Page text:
This test is designed with the assumption that product reliability is a combination of its individual reliabilities under various operational and environmental stresses and of the undetermined interaction among these stresses. A well-designed reliability test accounts for all cumulative operational and environmental exposures to the stresses that the product will encounter in field use. To determine the level and duration of each of the individual stresses to be applied in the test, it is assumed that the stresses are independent, and a separate factor is added to make up for any unknown stress interactions. The synergism or the test sequence is not disregarded, as it might be the factor contributing to lower demonstrated reliability. The individual stresses are accelerated to allow for reasonable and cost-effective test duration. This test design cannot be accomplished without detailed knowledge of the product's usage profile, sequence of operation, and expected use environments.
The choice of test data analysis technique will depend on whether there were any test failures and on the type of failures. Where failures occur, acceleration factors are applied to determine the corresponding times to failure in field use. The test may be conducted as a reliability growth or a fixed duration test by applying the appropriate analytical techniques. The reliability growth technique may be preferred, as it normally yields tests of shorter duration.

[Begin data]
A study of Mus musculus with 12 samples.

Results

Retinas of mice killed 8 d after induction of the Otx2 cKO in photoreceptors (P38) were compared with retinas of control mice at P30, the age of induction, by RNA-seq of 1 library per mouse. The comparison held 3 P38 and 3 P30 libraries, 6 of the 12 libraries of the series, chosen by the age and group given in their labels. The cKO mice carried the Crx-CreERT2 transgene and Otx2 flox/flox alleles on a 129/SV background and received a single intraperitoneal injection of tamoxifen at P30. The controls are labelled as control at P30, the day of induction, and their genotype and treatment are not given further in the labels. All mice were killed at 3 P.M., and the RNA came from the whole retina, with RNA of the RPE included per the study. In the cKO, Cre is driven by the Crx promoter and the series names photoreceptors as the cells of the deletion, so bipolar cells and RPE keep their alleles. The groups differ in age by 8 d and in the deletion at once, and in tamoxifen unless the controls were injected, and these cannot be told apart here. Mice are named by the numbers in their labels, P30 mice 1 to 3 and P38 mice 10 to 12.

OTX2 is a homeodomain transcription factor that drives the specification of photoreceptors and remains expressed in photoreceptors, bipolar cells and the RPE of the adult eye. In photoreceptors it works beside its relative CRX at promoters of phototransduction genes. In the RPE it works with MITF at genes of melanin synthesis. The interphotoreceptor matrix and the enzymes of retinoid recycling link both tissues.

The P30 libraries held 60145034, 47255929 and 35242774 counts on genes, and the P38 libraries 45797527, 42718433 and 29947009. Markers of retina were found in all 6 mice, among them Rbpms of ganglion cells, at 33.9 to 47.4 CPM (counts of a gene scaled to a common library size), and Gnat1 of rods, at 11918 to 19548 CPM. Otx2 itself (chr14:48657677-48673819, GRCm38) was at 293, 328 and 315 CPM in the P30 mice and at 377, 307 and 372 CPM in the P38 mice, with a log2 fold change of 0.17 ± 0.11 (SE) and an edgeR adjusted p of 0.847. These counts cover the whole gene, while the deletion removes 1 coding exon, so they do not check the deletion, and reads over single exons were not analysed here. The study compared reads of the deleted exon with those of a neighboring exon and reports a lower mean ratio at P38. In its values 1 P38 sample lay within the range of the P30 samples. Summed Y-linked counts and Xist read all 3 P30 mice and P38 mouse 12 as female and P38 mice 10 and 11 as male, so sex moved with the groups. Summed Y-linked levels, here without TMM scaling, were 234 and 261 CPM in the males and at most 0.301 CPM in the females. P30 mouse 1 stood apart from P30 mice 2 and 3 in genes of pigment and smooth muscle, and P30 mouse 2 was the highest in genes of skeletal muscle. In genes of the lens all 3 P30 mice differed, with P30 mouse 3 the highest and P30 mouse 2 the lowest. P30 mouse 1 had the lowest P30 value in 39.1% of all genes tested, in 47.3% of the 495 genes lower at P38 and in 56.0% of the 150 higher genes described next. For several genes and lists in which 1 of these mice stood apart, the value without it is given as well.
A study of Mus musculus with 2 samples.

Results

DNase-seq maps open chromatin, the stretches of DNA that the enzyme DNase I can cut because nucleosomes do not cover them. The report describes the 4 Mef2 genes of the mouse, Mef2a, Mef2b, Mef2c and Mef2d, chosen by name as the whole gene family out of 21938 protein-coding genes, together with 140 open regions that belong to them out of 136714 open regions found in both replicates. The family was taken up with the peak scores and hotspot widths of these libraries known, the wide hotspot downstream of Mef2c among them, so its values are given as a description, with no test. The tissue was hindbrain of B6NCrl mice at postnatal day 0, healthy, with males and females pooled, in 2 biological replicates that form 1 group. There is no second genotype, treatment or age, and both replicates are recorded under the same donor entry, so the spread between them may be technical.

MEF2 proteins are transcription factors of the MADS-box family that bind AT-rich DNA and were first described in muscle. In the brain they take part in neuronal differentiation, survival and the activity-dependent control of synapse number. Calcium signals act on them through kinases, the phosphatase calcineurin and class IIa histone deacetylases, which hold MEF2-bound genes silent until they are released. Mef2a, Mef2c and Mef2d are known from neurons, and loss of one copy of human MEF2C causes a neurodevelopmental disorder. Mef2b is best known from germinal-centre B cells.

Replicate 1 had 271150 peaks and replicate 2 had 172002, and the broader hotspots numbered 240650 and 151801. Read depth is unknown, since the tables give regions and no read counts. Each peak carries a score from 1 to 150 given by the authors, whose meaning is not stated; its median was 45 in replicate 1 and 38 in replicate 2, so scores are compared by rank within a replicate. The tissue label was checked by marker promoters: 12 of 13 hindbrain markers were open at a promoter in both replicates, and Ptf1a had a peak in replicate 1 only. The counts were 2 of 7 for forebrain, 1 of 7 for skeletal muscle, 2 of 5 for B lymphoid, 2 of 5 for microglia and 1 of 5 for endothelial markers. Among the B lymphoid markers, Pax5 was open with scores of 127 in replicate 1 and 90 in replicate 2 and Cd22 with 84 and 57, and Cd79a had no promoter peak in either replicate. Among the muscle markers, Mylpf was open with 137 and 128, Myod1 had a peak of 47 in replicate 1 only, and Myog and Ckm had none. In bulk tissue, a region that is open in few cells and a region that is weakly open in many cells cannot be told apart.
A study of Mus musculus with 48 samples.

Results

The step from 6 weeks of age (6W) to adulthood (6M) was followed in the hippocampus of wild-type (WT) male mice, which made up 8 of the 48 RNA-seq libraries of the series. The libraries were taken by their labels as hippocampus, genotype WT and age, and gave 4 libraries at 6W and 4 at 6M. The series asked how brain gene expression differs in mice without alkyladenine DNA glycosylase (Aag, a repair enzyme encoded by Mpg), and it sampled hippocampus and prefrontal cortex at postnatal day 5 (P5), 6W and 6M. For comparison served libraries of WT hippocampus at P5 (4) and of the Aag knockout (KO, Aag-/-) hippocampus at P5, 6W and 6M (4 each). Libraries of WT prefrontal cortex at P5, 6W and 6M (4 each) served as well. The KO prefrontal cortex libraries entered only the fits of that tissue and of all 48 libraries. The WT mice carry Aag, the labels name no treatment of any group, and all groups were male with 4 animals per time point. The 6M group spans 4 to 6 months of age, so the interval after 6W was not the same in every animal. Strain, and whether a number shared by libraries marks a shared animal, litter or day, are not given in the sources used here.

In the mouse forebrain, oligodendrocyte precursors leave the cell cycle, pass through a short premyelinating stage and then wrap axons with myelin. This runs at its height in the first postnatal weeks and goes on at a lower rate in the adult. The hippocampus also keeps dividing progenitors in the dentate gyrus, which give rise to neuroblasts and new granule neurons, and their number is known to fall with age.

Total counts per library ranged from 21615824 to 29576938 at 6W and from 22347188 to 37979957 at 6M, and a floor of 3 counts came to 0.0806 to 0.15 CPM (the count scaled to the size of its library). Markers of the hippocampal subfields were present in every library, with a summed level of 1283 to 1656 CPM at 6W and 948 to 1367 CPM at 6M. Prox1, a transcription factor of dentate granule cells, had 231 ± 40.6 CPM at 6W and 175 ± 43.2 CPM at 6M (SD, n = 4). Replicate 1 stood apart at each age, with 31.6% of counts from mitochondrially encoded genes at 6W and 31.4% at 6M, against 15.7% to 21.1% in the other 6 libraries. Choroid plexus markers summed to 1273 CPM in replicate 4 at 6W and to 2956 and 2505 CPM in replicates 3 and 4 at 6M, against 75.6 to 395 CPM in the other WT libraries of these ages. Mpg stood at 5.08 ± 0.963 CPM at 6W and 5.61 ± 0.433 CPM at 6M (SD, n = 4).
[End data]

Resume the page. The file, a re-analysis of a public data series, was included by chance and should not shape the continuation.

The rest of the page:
Accelerated reliability testing provides realistic lifetime reliability demonstration or validation and, if performed early enough, allows for design changes to improve product reliability.
In designing any accelerated life test, caution should be exercised to avoid exceeding the environmental rating of the tested product, as high test acceleration can also induce failures that would normally not be expected to occur in the field life of the product. Also, acceleration factors must be carefully determined, preferably through accelerated testing to the failure mode of interest. Acceleration factors (their constants) may be different for different components of the tested products, thus care must be taken in their selection.